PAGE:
Poker is a game of chance. It's also a game of skill, and if you want to win at poker, thinking clearly about chance is one of the most important skills you can develop. Understanding the nature of probability will allow you to develop winning strategies, which you can then apply at the tables to make money – in the long run.

That last part is very important. In poker, you can make the correct play and still lose. Let's say you're playing no-limit Hold'em and you get all your money in preflop with AA, and your opponent has 7-2 offsuit for some reason. Your opponent is going to win that pot around one-ninth of the time. When it happens, and it will, should you get angry at yourself for not folding those Aces preflop? Of course not. You should get your money in again the next time, and the time after that, expecting to win much more often than not.

Great Expectations

That's why the concept of expected value is so powerful. In poker, you're presented with a standard set of choices: raise, call, or fold. If it's a “big bet” game like no-limit Hold'em, you also have to choose how big or how small your bet will be. How do you decide? Ideally, you'll be aware of the expected value (EV) of each possible decision. Then you can make the choice that is most plus-EV.

Of course, poker's too complicated for you to memorize all the EV numbers for all the situations you might find yourself in. Don't even try. Start at the beginning: Get comfortable with the basic concept of EV. Once you've wrapped your head around that, you'll already have made a big step toward improving your poker game. You'll be less likely to tilt when your Aces get cracked by 7-2 offsuit, for example.


Let's start by looking at a much simpler game: odds and evens. You and your opponent each bet a dollar, then you each hold out either one or two fingers at the same time. If the sum of all those fingers is odd, you win the pot. If it's even, your opponent wins the pot. You have a decision to make: Do you hold out one finger, or two?

Think of it in terms of expected value. If you hold out one finger, you'll win the pot when your opponent extends two fingers, but you'll lose when they also hold out one finger. Let's assume your opponent is random, and there's a 50/50 chance they'll choose either one or two fingers. Your EV in this situation is zero: Half the time you'll take the pot for a profit of one dollar, and half the time your opponent will win, costing you one dollar.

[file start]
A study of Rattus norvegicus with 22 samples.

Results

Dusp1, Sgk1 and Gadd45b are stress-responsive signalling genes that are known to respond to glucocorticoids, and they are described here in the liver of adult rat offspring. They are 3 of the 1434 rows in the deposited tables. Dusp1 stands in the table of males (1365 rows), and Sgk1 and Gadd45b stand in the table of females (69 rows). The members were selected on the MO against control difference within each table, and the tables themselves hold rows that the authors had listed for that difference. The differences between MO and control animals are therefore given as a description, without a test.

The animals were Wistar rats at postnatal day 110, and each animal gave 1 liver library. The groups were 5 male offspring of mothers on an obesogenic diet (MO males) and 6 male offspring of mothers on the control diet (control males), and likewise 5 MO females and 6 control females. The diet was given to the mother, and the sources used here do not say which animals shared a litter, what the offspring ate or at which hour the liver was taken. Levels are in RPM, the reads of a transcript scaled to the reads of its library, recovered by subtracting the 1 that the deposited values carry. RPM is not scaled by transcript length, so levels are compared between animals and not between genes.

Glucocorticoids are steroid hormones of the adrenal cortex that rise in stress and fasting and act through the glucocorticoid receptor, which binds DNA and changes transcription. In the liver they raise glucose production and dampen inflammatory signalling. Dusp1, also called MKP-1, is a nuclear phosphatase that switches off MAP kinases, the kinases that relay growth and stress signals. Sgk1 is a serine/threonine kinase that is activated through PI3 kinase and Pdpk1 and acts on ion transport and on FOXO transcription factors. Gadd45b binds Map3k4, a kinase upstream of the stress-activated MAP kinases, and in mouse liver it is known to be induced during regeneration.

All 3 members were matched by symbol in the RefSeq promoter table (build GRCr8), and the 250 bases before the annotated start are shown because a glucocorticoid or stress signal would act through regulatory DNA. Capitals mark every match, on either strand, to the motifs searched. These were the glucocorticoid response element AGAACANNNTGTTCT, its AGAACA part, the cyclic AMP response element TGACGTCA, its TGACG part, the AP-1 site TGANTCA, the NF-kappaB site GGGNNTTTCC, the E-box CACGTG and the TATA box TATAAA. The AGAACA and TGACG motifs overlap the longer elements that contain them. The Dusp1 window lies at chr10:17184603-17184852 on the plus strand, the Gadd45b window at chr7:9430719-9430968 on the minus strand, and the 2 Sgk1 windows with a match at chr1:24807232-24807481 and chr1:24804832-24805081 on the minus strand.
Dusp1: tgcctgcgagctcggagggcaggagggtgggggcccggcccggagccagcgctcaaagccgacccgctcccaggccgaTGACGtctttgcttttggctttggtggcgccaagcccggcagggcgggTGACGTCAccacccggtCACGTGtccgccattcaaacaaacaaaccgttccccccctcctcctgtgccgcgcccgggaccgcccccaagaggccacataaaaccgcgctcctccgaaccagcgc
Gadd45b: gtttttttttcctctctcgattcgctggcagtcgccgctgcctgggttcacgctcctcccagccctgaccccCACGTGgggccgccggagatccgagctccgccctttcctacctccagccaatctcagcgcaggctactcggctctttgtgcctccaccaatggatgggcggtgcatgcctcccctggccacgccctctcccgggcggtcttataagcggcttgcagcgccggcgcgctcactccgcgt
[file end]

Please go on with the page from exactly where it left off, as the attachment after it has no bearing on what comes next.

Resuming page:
What if you decide to extend two fingers instead? It's the same result. Your opponent is 50/50 to hold out one finger or two; you'll win the pot half the time, and you'll lose the pot the other half. Your EV here is still zero. As it turns out, it doesn't matter in this situation whether you extend one finger or two, since the EV of either choice is the same.

Aces High

Poker will put you in more complex situations than this, but you can use the concept of EV to help you decide what to do. Let's imagine a very easy (if unlikely) no-limit Hold'em hand: It's heads-up, you and your opponent, and you each start with $100. Your opponent goes first, and shoves all-in with any two cards. You look down at AA. Do you call, or do you fold?

We arrive at the answer by looking at the expected value for each decision. If you fold, your EV is zero. What about if you call? The math says pocket rockets will beat a random hand 85.2% of the time. That means 85.2% of the time, you'll earn $100 in profit by calling, and the other 14.8%, you'll lose $100.

EV(call) = (85.2% * $100) + (14.8% * –$100)
EV(call) = $85.20 – $14.80
EV(call) = $70.40

Since $70.40 is greater than zero, you have an easy choice: call. But what if you're holding 7-2 offsuit instead of AA? The math says 7-2 offsuit will beat a random hand 34.58% of the time. Let's plug that number into our simple formula:

EV(call) = (34.58% * $100) + (65.42% * –$100)
EV(call) = $34.58 – $65.42
EV(call) = –$30.84

In this case, the EV of calling is worse than the EV of folding, so you should fold. Again, most poker situations will be more complex than this. But if you think in terms of expected value, and if you're willing to analyze hands away from the table and do some simple math, you can begin making smarter decisions and winning more money. In the long run.